The nonprofit Therapy Dogs of Long Island brought goldendoodles Ken and Barbie and a 4-year-old shichon, Pumpkin, to Birchwood Assisted Living in East Northport, where residents played with the dogs and gave them treats. The residents look forward to each visit, which has happened twice a month for the past year.  (Credit: Shayna Greene)

Therapy dogs became a part of Terry Gallogly’s life after her now-10-year-old grandniece Lily was born with lissencephaly. Also known as “smooth brain,” it’s a condition where the brain is not fully developed and may result in intellectual disabilities and limited motor skills, according to the National Organization for Rare Disorders. 

Gallogly wanted to find dogs that would have the right temperament to visit her grandniece and other children in hospitals. In 2014, she tested the idea after getting her goldendoodle, Ken, certified as a therapy dog and bringing him to St. Mary's Hospital for Children in Bayside, Queens. 

“Everybody was standing around. We took [Lily’s] hand and put it on Ken’s head and she started processing right away,” said Smithtown's Gallogly, demonstrating how Lily’s face lit up. “Everyone was shocked and we’ve been going there every week since.”

On Aug. 13, the nonprofit Therapy Dogs of Long Island brought goldendoodles Ken and Barbie and a 4-year-old shichon, Pumpkin, to Birchwood Assisted Living in East Northport, where residents played with the dogs, throwing tennis balls and giving them treats. The residents look forward to each visit, which has happened twice a month for the past year. 

“It was a lot of fun,” said resident Amy Kaye, whose dogs, Skye and Lexie, live with her son in Merrick. “I have two huskies at home so I don’t see them too often anymore so it’s nice that these lovely people bring their dogs to us.”

A few residents at Birchwood Assisted struggle with memory loss and early dementia, including five of the residents who were visited by Therapy Dogs of Long Island on Aug. 13.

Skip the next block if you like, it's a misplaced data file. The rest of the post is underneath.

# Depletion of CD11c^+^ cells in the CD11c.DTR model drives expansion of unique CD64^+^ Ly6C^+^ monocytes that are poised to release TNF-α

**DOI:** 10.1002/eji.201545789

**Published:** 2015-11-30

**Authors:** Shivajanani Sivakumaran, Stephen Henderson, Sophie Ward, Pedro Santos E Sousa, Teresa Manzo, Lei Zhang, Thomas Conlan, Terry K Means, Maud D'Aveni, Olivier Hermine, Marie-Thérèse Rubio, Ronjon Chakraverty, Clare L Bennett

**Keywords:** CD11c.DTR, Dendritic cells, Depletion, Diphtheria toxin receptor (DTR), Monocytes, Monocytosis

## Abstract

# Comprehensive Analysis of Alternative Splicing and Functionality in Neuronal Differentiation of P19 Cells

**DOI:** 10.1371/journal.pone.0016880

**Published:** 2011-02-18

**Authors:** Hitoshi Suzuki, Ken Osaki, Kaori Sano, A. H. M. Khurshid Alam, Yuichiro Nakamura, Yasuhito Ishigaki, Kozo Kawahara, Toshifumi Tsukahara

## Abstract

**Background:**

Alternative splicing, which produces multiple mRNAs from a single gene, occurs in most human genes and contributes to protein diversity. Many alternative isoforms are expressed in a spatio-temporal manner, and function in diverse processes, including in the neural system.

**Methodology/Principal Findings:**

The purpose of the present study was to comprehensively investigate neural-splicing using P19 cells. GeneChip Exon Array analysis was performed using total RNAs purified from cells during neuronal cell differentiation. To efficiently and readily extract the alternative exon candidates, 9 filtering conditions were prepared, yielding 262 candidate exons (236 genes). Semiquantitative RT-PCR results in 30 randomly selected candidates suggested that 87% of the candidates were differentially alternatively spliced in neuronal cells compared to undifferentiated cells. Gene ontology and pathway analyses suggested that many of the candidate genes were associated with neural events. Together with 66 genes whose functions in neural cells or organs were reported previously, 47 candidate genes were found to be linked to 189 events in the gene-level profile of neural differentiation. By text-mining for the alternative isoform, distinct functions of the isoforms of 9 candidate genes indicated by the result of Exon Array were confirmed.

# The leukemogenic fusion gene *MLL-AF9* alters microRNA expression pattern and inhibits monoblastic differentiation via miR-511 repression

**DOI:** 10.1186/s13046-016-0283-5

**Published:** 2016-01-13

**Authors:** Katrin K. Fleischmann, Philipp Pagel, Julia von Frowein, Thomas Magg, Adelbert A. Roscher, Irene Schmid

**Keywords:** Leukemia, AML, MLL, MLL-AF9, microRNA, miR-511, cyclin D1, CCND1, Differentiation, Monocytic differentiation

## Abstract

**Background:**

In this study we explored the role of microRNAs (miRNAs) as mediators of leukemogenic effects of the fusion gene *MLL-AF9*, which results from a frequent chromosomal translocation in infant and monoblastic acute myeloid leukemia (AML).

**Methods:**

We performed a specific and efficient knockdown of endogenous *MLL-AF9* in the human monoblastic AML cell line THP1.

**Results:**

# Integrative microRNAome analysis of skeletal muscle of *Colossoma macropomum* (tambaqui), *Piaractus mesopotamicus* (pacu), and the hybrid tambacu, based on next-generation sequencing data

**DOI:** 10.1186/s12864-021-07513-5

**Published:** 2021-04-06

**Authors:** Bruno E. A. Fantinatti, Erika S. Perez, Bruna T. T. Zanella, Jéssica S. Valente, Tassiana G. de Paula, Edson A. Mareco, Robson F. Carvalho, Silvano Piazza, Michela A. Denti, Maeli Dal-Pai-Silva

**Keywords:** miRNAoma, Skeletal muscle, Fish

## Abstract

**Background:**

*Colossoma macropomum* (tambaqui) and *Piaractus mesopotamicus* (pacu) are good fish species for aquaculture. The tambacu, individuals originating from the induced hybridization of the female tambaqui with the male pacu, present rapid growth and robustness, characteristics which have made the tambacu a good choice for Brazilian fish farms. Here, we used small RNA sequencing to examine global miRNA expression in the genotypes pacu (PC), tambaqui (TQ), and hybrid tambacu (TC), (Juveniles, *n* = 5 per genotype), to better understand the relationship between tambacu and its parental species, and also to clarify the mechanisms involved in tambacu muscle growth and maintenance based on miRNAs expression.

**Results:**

“A lot of [the residents] light up and get really excited,” said Birchwood recreation director Adam Deitchman. “It’s good for them too in terms of a neurological standpoint. We find that memories like that, especially when they’re associated with previous [pets] they had… it immediately brings them back to that place and it further works on their memory loss.” 

After her first visit to her grandniece in 2014, Gallogly continued to take her therapy dogs to St. Mary's Hospital for Children and also participated in various therapy dog events that national organizations Pet Partners and Love on a Leash arranged. 

In 2017, she decided to start her own nonprofit that would allow for more interactive visits, including walking dogs and feeding them treats when they perform tricks. 

In addition to Gallogly’s dogs Ken, Barbie and Pumpkin, the organization has 13 other trained therapy dogs and a group of volunteers who visit individuals or groups at least five times a week.

Gallogly said that in 2018 the organization visited more than 7,500 people. With the addition of several new dogs that will be completing Gallogly’s dog therapy classes, the plan is to visit 10,000 this year. 

“The impact I think is tremendous,” said Gallogly. “The least the dogs do is bring joy. Sometimes, it’s life-changing.”